Report on Pagan (United States) — 23 February-1 March 2011
Smithsonian / US Geological Survey Weekly Volcanic Activity Report, 23 February-1 March 2011
Managing Editor: Sally Kuhn Sennert
Please cite this report as:
Global Volcanism Program, 2011. Report on Pagan (United States). In: Sennert, S K (ed.), Weekly Volcanic Activity Report, 23 February-1 March 2011. Smithsonian Institution and US Geological Survey.
18.13°N, 145.8°E; summit elev. 570 m
All times are local (unless otherwise noted)
On 22 February, the Aviation Color Code and the Volcano Alert Level for Pagan were lowered to Unassigned. With the exception of a faint steam-and-gas plume observed on 24 January, no unusual activity at Pagan volcano had been detected in satellite imagery during the previous six weeks. Pagan is not monitored with ground-based geophysical instrumentation; the only source of information is satellite observations and occasional reports from island visitors.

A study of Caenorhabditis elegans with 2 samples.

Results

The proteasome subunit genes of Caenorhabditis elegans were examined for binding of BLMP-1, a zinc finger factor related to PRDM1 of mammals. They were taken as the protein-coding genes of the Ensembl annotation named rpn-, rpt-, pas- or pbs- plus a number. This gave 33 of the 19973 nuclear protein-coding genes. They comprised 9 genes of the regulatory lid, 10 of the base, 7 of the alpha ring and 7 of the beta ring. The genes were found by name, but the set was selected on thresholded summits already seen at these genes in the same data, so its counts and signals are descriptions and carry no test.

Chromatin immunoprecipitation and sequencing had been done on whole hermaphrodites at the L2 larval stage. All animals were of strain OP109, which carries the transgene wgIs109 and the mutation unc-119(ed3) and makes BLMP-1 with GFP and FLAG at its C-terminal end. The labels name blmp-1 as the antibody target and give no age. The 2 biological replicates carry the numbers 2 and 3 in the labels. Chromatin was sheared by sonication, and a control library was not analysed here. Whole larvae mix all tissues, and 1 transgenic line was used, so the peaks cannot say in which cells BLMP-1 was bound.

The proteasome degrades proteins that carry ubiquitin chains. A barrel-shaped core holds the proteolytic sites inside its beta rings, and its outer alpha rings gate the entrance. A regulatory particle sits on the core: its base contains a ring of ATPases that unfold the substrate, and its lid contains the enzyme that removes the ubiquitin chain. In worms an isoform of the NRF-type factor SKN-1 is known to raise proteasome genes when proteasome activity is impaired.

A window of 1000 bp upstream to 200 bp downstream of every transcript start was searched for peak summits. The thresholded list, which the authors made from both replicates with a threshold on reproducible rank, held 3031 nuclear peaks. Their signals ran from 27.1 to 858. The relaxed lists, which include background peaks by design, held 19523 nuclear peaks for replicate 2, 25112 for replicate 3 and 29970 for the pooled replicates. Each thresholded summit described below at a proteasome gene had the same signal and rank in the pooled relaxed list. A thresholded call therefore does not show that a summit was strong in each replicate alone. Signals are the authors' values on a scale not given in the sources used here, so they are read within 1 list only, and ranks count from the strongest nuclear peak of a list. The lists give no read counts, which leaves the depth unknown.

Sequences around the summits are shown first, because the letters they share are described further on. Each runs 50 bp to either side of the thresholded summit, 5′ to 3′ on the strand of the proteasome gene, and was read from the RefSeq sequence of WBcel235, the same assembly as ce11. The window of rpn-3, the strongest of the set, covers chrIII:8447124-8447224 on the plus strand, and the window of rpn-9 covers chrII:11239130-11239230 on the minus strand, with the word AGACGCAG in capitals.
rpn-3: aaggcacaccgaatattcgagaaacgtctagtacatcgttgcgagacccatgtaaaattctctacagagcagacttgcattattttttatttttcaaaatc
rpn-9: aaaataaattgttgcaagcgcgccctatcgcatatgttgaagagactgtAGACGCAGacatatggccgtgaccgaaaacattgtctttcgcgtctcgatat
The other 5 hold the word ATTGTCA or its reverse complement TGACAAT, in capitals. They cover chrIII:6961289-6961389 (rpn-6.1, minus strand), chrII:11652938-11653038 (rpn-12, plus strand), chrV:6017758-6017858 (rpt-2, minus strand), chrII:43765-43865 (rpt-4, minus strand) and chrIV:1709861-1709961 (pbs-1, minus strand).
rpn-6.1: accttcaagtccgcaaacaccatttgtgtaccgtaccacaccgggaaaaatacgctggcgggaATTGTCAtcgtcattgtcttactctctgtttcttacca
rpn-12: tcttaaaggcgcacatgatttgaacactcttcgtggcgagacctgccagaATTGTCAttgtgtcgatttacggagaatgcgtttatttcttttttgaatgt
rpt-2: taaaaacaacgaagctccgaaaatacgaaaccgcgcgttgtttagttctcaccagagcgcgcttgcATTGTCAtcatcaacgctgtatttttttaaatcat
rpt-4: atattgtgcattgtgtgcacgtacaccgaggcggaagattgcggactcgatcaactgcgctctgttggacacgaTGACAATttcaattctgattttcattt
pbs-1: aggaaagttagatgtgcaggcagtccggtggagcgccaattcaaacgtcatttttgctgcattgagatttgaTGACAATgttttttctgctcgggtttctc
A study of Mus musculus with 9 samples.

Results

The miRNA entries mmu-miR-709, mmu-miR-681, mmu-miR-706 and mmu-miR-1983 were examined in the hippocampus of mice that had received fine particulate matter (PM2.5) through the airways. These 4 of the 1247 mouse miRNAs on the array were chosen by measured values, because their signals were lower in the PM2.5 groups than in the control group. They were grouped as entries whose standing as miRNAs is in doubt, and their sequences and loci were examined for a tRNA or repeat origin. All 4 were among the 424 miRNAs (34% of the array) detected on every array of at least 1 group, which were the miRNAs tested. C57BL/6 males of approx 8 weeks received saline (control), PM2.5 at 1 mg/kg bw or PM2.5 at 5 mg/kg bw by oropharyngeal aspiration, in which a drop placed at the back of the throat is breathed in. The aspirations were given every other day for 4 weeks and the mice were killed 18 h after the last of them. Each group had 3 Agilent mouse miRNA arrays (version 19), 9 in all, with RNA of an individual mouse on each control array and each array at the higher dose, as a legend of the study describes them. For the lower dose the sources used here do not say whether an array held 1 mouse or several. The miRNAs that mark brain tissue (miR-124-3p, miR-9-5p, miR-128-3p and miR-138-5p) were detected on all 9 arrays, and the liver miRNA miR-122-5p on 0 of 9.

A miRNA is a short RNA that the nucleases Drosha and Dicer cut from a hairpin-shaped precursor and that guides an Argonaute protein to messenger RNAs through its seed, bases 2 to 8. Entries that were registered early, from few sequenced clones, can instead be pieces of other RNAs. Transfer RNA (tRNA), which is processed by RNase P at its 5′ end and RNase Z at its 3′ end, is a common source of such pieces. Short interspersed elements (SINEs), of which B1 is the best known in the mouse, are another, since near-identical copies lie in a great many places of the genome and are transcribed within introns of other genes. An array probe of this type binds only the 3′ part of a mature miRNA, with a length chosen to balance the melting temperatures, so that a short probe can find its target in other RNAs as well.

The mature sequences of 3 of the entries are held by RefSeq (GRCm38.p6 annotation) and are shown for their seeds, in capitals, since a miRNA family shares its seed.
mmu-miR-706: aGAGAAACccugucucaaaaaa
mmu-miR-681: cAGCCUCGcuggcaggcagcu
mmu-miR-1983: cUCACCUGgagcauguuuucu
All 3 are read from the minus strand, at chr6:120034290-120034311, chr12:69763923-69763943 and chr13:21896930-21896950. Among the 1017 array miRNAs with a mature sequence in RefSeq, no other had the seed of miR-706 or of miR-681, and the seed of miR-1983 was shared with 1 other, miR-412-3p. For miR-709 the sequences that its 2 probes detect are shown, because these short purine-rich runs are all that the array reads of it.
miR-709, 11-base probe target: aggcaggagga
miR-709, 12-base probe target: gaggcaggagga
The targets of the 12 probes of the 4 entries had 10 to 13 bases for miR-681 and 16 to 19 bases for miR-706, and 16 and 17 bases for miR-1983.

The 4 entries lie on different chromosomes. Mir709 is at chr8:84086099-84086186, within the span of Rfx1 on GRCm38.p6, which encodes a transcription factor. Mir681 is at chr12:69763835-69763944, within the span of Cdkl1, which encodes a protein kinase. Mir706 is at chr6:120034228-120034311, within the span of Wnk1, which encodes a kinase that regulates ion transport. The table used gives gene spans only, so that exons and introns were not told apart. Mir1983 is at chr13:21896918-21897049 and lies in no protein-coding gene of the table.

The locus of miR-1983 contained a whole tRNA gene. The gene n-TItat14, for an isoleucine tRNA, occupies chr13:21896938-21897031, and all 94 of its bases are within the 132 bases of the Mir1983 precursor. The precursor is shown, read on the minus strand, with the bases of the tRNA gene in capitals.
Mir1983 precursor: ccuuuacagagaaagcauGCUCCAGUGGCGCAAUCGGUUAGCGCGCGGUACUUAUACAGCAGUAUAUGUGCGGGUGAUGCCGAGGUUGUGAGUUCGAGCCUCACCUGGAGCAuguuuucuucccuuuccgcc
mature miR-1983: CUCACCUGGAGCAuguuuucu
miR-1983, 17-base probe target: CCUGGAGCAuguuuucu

Geologic Background. Pagan Island, the largest and one of the most active of the Mariana Islands volcanoes, consists of two stratovolcanoes connected by a narrow isthmus. Both North and South Pagan stratovolcanoes were constructed within calderas, 7 and 4 km in diameter, respectively. The 570-m-high Mount Pagan at the NE end of the island rises above the flat floor of the northern caldera, which may have formed less than 1000 years ago. South Pagan is a 548-m-high stratovolcano with an elongated summit containing four distinct craters. Almost all of the historical eruptions of Pagan, which date back to the 17th century, have originated from North Pagan volcano. The largest eruption of Pagan during historical time took place in 1981 and prompted the evacuation of the sparsely populated island.